Netflix and Will: Prince AvalancheBy Will Baggett | 11/21/2016 12:53am
Photo courtesy of Wikimedia Commons
A conversation goes a long way. A lot of movies these days center around a dramatic event or focus on one person’s development as they deal with life's conflicts. However, many movies that focus on the use of conservation tend to reach new boundaries. This week’s movie specifically uses conversation and music to tell a story about two road workers living together in the wilderness as they repaint the dotted yellow lines on the forest roads.
“Prince Avalanche,” starring Paul Rudd and Emile Hirsch, takes place in the summer of 1988 in Texas, where a forest fire has raged through an area of land that has left the area deserted. As seeing the film, people have evacuated homes and a lot of places have simply burned to the ground, leaving the affected area a wasteland.
The two protagonists, portrayed by Rudd and Hirsch, are two unlikely colleagues. One is middle-aged and the other is somewhat youthful, and they tend to butt heads with their personalities. Ironically, Hirsch plays the brother of Rudd’s girlfriend, and that lends itself to comedy and drama as the movie keeps its pace.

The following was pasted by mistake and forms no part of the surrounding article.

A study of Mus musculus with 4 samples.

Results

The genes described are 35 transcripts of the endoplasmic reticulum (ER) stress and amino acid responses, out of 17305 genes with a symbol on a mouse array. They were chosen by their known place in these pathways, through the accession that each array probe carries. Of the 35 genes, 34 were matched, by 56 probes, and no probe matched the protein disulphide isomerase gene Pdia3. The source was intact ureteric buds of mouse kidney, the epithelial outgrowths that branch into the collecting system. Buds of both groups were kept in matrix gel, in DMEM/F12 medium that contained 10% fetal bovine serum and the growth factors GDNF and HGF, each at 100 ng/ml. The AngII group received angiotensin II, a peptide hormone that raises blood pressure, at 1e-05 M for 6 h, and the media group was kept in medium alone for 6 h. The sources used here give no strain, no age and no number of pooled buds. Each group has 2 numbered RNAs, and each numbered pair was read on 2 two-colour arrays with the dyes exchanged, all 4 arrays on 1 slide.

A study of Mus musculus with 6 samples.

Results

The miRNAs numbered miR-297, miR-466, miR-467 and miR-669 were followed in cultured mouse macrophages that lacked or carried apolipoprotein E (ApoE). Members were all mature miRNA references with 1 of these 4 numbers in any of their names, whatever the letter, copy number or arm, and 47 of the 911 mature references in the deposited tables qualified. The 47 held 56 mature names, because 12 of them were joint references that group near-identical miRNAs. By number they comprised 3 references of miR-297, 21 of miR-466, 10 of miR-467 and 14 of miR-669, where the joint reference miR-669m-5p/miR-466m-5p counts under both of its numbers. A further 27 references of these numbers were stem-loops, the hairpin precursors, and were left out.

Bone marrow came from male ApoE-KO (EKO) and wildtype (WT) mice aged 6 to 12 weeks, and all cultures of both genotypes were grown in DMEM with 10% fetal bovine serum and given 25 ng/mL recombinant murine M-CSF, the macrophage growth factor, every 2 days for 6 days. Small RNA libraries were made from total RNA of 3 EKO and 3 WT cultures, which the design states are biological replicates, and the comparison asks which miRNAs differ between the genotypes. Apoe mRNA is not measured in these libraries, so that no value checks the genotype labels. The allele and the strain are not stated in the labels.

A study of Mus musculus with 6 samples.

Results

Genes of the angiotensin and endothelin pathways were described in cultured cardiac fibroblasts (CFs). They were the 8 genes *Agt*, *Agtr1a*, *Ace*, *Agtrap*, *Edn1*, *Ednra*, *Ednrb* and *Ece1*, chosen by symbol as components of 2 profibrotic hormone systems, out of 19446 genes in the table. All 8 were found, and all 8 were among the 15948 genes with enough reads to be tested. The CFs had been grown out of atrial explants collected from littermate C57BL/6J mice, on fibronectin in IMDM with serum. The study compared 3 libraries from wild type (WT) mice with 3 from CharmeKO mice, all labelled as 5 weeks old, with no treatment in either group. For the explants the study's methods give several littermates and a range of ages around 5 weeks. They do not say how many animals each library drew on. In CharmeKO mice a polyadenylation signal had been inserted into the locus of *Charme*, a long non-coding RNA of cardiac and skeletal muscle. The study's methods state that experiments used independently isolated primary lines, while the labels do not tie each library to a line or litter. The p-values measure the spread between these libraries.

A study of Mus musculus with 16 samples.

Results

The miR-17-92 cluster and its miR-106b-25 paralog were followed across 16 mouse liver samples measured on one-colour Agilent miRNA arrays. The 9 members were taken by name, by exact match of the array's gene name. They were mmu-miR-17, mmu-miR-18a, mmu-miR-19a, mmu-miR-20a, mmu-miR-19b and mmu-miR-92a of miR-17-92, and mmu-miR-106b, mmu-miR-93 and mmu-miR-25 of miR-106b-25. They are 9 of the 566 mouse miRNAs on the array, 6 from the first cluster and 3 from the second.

An out-of-nowhere plot in a nowhere-setting makes “Prince Avalanche” an escape movie. Both main characters are removed from their typical lives and awake from the city. While Rudd’s character seeks escape, Hirsch’s character sees it more as a prison.
“Mostly a two-hander, 'Avalanche' moves quietly, at its own subtle pace," according to IndieWire. "Rudd and Hirsch have chemistry to spare and the film chronicles these men as they argue, fight and swap stories about their estranged lady friend relationships, and though they butt heads often, over time they begin to bond and understand each other on a deeper level.”
This movie is a must-watch for those who need to put away the finals notes and notecards to just kick back and unplug your brain for a while. Try to get to know these characters and connect with what is happening in their worlds. Whether you connect with the escapist in Rudd’s character, or the young person who yearns to just keep moving in Hirsch’s character, you will be glad you tuned in.